Over the weekend I continued my Anxious Bench series on the challenges of writing biographies by reflecting on the problem of historical evidence. While the biographer whose book I’m currently reading seems to have enough evidence to narrate his subject’s entire life on a weekly (sometimes daily or even hourly) basis, I know that he actually is deploying a considerable amount of historical imagination to connect what are still fragmentary sources. And the vast majority of people historians and biographers might study leave behind hardly any evidence at all:
Indeed, the most distinctive feature of history as an academic discipline is the relative paucity of the sources available. All we’ve got to go on are whatever artifacts survive the passing of time, and most of those sources erode. Past supporting preservation and archival efforts (including oral history projects), there’s not much historians can do about this. We can’t retire to our laboratories and test theories by running experiment after experiment. There’s no petri dish or computer simulation in which we can reliably recreate historical change over time. And unlike our friends in the social sciences, we can’t design a survey to administer to the dead.
But what if the problem wasn’t scarcity, but abundance? “Now,” writes digital historian Ian Milligan in The Chronicle of Higher Education, “instead of too little information, we have too much.”
To illustrate, he contrasts the records of London’s Old Bailey (billed as “largest body of records documenting the lives of non-elite people ever published”) with the evidence left behind by GeoCities, the pioneering web hosting service that was closed in 2009. The Old Bailey has preserved nearly 200,000 transcripts from nearly 240 years; in just 15 years, 7 million GeoCities users created 186 million digital documents.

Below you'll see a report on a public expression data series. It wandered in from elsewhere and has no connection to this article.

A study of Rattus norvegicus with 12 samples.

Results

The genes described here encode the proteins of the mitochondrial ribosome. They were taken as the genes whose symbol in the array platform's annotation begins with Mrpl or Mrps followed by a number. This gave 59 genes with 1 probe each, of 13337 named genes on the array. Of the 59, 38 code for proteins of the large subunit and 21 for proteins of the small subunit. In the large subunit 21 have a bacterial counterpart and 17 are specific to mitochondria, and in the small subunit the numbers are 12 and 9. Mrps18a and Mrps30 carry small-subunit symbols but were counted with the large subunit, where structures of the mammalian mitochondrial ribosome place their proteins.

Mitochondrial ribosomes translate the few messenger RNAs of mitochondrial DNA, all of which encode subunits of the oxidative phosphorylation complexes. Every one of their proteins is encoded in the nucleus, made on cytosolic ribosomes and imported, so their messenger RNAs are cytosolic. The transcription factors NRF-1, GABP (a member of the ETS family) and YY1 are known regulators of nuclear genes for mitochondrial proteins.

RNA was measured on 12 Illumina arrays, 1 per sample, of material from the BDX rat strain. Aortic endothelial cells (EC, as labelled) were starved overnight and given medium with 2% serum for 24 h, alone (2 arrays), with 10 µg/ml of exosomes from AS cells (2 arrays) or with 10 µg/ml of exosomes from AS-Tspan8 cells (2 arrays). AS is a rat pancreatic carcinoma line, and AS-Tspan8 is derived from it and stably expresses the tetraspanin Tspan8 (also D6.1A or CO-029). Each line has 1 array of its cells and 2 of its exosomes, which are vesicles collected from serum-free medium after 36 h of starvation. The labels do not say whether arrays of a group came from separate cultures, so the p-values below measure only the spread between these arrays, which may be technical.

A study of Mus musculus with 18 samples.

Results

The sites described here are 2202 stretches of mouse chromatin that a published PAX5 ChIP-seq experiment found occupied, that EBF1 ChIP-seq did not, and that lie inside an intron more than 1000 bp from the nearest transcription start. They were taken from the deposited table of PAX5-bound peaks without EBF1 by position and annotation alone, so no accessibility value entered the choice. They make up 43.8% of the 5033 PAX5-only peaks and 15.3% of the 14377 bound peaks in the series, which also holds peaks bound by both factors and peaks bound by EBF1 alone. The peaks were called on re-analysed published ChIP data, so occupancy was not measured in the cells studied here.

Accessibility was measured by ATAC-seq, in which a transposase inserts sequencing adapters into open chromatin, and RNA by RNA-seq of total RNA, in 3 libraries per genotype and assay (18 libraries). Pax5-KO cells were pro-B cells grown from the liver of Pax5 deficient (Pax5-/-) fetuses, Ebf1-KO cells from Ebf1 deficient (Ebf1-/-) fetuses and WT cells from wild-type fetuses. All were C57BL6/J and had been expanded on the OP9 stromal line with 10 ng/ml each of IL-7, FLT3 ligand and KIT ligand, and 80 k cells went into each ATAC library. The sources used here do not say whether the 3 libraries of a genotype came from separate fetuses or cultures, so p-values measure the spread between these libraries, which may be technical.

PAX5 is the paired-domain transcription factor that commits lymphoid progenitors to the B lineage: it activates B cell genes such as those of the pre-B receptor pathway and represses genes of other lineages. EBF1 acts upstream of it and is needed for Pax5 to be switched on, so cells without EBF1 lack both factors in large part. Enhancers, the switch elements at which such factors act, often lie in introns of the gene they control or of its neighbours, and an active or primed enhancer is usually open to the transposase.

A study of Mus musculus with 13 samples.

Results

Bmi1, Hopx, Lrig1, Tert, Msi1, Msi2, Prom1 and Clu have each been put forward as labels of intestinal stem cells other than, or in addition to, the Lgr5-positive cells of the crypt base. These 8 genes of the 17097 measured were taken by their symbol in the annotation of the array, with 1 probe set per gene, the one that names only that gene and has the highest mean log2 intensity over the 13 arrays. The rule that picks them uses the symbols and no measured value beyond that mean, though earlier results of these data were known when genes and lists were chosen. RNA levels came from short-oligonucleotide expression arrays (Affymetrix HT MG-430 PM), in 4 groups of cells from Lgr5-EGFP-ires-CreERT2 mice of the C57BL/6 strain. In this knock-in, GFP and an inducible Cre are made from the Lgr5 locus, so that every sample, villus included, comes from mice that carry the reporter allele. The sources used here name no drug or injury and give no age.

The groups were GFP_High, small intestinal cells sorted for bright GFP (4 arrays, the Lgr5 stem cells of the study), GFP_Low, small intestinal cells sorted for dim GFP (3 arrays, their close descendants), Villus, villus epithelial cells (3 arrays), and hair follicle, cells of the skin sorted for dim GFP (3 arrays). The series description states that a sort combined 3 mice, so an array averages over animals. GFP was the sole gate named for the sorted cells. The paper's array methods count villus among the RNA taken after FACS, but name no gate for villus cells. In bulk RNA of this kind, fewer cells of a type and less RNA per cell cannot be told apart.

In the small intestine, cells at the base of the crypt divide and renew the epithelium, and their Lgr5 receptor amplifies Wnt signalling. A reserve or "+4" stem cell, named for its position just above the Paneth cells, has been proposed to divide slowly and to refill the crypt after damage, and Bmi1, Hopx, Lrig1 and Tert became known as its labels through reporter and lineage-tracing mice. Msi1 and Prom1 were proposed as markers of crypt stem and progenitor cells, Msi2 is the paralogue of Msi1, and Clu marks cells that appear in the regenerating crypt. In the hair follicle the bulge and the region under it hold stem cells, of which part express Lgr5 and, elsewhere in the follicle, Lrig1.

On the surface, this seems like it would be an enormous boon to historians and other scholars. (Indeed, Milligan goes so far as to state that it “would be intellectually dishonest to tackle” topics from the period starting in 1996, when web archiving began, “without turning to the web.”) He rightly acknowledges that the digital record, like the analog one, “is not entirely representative of society; considerable barriers to web access and publishing still exist along lines of race, ethnicity, class, and gender. Still, events, feelings, and ideas are now being recorded that would never before have been, and they are being left behind by the sorts of people who used to be largely absent from the historical record.” Seen in this light, technological change has given us the possibility of “a potentially more democratic form of history.”
But Milligan points to several major challenges complicating this task. First, the technical challenge of sifting through data that defies unassisted human abilities: “…historians cannot uncritically depend on ranked keyword search results. They need to help develop, craft, and make sense of these new and emerging digital tools.”
I’d also add that there are holes in the digital-archival record. As my co-writer Fletcher Warren explained, the 21st century chapter of our digital history of Bethel at War was relatively thin because “the War on Terror occurred during the emergence of what I call the ‘digital void’ — that era in which most documentation is ‘born-digital,’ or created on a computer and perhaps never transitioning to hard copy. Such documents usually ‘die-digital’ as well, and are thus irrevocably lost to future historians.”
But even assuming that the technical issues are overcome, ethical ones remain. As much as in an earlier, analog age, historians retain enormous power to make public meaning of the private lives of people who didn’t expect such scrutiny. (Milligan suggests that oral historians, “who have long operated outside of formal archives and instead in the living rooms and workplaces of their subjects, may offer a useful model for scholars using web archives.”)
Read the full article (if you have a Chronicle subscription) here.